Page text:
Pilonidal Disease | Diagnosis and Treatment

How is pilonidal disease diagnosed?

Pilonidal disease is diagnosed based on symptoms such as swelling and pain in the tailbone region.

How is pilonidal disease treated?

There are a few different treatment options for children with pilonidal disease, depending on the severity. Sometimes when a pilonidal abscess first appears, doctors treat it with antibiotics and suggest home hygiene, including shaving and regularly cleaning the infected area. More severe cases often require surgery.  

Hair Removal

Hair removal is the most important thing you can do to treat pilonidal disease. Even one hair can keep the cut from healing or can make a new abscess show up. A family member or clinician will most likely need to help with home hair removal.

Hair removal methods


The area between the buttocks may need to be shaved every week, depending on how thick hair is and how fast it grows. You can use regular razors, electric beard trimmers or eyebrow shapers. 

Chemical hair removal

Hair-removal cream or gel to removes hair and keeps it from growing back for longer. Make sure to keep the cream away from any broken skin and the anus.

Laser hair removal

Some people have an excessive amount of hair that cannot be managed by shaving alone. In such cases, the medical team may recommend laser hair removal.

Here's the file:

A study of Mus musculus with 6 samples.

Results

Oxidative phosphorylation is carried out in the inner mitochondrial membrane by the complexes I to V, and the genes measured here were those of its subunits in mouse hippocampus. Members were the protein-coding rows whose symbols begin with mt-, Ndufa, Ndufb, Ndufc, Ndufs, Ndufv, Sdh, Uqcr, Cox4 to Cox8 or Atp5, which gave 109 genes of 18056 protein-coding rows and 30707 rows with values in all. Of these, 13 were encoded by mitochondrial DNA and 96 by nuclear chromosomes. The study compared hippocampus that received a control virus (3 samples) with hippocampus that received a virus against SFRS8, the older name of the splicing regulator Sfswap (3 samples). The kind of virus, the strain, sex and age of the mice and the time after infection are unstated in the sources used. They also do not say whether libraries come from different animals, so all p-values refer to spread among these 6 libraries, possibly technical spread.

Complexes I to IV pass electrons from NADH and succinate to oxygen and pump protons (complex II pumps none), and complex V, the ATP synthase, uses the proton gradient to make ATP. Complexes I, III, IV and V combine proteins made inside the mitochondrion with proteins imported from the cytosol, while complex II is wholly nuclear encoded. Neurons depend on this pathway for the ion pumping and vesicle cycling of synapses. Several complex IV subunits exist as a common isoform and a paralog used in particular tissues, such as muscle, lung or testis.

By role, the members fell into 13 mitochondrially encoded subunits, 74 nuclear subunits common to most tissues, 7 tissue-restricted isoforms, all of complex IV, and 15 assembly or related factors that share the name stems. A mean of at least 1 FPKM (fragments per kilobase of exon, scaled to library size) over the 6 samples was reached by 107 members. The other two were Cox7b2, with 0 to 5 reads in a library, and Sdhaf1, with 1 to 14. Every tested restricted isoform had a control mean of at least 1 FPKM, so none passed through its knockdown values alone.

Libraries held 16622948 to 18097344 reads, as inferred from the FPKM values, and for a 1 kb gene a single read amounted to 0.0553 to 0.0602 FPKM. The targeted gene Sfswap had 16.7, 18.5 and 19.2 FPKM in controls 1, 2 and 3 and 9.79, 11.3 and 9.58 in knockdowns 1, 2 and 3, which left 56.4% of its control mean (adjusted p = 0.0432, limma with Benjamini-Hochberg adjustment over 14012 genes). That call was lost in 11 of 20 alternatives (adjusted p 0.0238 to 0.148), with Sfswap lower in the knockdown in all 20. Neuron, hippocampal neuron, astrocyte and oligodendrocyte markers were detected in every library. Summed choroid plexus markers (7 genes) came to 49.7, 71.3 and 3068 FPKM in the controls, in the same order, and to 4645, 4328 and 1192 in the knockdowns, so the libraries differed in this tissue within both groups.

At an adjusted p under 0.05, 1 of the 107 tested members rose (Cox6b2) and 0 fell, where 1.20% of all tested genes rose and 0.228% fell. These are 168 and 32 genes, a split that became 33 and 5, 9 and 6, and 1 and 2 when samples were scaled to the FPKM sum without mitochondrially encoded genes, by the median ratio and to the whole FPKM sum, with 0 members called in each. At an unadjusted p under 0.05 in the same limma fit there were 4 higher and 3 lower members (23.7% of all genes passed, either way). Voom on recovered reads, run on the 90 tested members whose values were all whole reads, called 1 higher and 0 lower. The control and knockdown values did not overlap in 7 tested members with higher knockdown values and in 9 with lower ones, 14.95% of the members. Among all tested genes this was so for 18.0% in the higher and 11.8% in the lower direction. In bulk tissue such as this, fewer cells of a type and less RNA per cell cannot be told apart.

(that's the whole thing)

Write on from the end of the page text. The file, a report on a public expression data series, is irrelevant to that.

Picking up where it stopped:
Laser hair removal is a safe procedure that can be performed in a physician’s office. This treatment can cause mild discomfort but is usually well tolerated. The entire treatment takes around two to three minutes.

It takes at least six laser treatments for permanent or near-permanent hair removal. Treatments are six to eight weeks apart. Waiting too long between treatments will cause your child to need extra laser treatments, so it is important to schedule timely laser treatments.

Your doctor may recommend regularly cleaning the area to remove all bacteria, debris, loose hairs and sweat on the skin of the buttock crease. You can do this by:

  • soaking in a bath for 10 to 15 minutes, two to three times a day
  • spraying the buttock area with a hand-held shower head for 10 to 15 minutes, two to three times a day
  • sitting in a Jacuzzi, pool or ocean for 10 to 15 minutes, two to three times a day


If the pilonidal abscess is not draining on its own, it may need to be drained in a doctor’s office or emergency room.

Surgical Treatments

Some patients with pilonidal disease will need to surgery. The surgery takes place under general anesthesia in an operating room. Your surgeon will discuss the best surgical option for you or your child.

Surgical procedures include:

  • Removing the infection and closing the cut: The surgeon removes the pilonidal abscess, tracts and the infected fat and skin, closing the cut with stitches. This procedure is a quick way of removing a pilonidal abscess, but there is a real chance that the abscess may come back after the operation. 
  • Removing the infection and leaving the cut open: The surgeon removes the pilonidal abscess, tracts and the infected fat and skin, but leaves the skin of the cut open and fills it with gauze. This allows the cut to heal from the inside out. This operation takes longer to heal than closing the cut, but makes it less likely that the abscess will come back. 
  • Removing the infection and filling the site with a skin flap: The surgeon removes the pilonidal abscess, tracts and infection, then uses healthy skin, fat, and muscles from another part of the buttocks to fill up the space where the abscess was. This may be a good option when other treatments have not worked well.